Having, in my last post, argued for the possibility of divorce for Christians, I would like, now, to discuss the nature of marriage and under what circumstances it can be judged to have failed.

There is a wonderful hopefulness in Adam's voice when God presented him with the woman:

This at last is bone of my bones
and flesh of my flesh;
this one shall be called Woman,
for out of Man this one was taken.


Therefore a man leaves his father and his mother and clings to his wife, and they become one flesh. (Gen.2: 23,24)

The promise of being one flesh is a promise of a natural intimacy. It is given while the first couple live in the garden of Eden, before their Expulsion. On the other side of the Expulsion, where the ground is cursed and we must earn our bread by the sweat of our faces, the promise of natural intimacy is problematic. The serpent, the woman and the man are cursed. The curse that falls on the woman goes as follows:

I will greatly increase your pangs in childbearing;
in pain you shall bring forth children,
yet your desire shall be for your husband,
and he shall rule over you.
(Gen. 3:16)

It seems that the easy and natural intimacy between the man and the woman has been lost and gives way to the rule of the husband over the wife. Any attempt to justify patriarchy from this misses the point, patriarchy is part of the curse.

Not only do Adam and Eve lose the natural intimacy between each other, they also lose intimacy with God, who, before the Expulsion, could walk in the garden "in the time of the evening breeze" and converse with his creatures. Thus the Expulsion ushers in a double estrangement, humanity is estranged from God and men and women are estranged from each other. All our relationships are fraught by difference. Thus the journey into the Other be that other God or neighbour (the marriage partner is the nearest neighbour) is a journey into darkness, into the unknown. This realization destroys any romantic projections we may make about God or the Other. God as helpful friend is absent. The beloved becomes more hidden from us. We begin to feel the cold breathe of the universe.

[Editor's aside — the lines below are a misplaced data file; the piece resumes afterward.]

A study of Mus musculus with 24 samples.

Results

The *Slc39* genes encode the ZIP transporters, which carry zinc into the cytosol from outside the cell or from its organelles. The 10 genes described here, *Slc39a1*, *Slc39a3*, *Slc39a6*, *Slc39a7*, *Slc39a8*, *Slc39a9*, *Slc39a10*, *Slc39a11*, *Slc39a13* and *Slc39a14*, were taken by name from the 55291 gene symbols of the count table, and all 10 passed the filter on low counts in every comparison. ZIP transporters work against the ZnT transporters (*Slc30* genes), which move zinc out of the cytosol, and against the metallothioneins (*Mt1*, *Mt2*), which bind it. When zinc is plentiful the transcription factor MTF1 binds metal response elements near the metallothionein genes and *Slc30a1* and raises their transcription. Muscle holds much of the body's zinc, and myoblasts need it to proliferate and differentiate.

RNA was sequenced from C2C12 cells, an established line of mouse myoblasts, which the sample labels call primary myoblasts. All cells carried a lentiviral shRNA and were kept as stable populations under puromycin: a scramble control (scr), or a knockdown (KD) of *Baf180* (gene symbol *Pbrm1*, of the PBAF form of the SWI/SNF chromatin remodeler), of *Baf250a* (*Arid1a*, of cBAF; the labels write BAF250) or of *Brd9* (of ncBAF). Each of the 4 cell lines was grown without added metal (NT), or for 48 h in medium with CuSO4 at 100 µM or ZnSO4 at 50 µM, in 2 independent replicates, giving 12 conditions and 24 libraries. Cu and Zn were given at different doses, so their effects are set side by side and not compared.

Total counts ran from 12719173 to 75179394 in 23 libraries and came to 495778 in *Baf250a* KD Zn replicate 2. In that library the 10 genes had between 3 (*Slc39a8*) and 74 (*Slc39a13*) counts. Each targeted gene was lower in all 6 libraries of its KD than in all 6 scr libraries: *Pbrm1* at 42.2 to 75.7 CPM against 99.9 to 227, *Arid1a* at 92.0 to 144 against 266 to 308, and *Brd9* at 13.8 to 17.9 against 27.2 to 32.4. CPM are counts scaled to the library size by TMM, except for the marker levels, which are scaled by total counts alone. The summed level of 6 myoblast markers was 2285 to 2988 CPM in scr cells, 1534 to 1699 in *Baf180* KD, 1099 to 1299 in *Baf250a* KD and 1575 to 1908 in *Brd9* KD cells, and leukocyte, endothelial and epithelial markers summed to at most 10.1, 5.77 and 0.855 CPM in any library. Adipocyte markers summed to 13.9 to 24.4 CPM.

There are three ways we can deal with difference. The first is to ignore difference and exist as self-contained individuals. This is the position of stasis in which we exist in the cage of the self and fend off any intrusion. Difference is not dealt with and we remain alone, from God and the partner. The second way to deal with difference is idealistic. This way is the way of the spiritual hero who gives him/herself over to the Other to the extent that the self is completely sublimated. We give ourselves in order to give ourselves away. It is also the way of patriarchy in which the woman becomes mute. Again, difference is not really dealt with and intimacy does not grow. All we have is the destruction of one of the selves.


The third way of dealing with difference is, of course, found between the two as we might expect of a Hegelian dialectic. This way requires patient waiting, openness to the voice of the Other (be that God or Human being) and the willingness to shed precious parts of the self that impede the journey. The journey into God and into the Other involves kenosis, the pouring out of the self, not so that the self ceases to exist, as in the second option above, but so the self may be intensified and that we may draw closer.

This process runs contrary to the self-esteem movement in some of its manifestations. The bits of ourselves that we must discard are usually to do with unreal self-images; that voice inside that protests that we are a good person. We may well be good, even morally spotless, but that misses the point that Fall and Expulsion define who we are, that alienation lies at the base of the self.

After the romantic phase of marriage dissipates we begin to see the Other in their weakness and that weakness requires a corresponding voice that comes out of our weakness. Pretending that your' OK and I'm OK will stall any possibility of real intimacy and lead only to loneliness. What is at risk here is the defended self.


Peter Sellick an Anglican deacon working in Perth with a background in the biological sciences.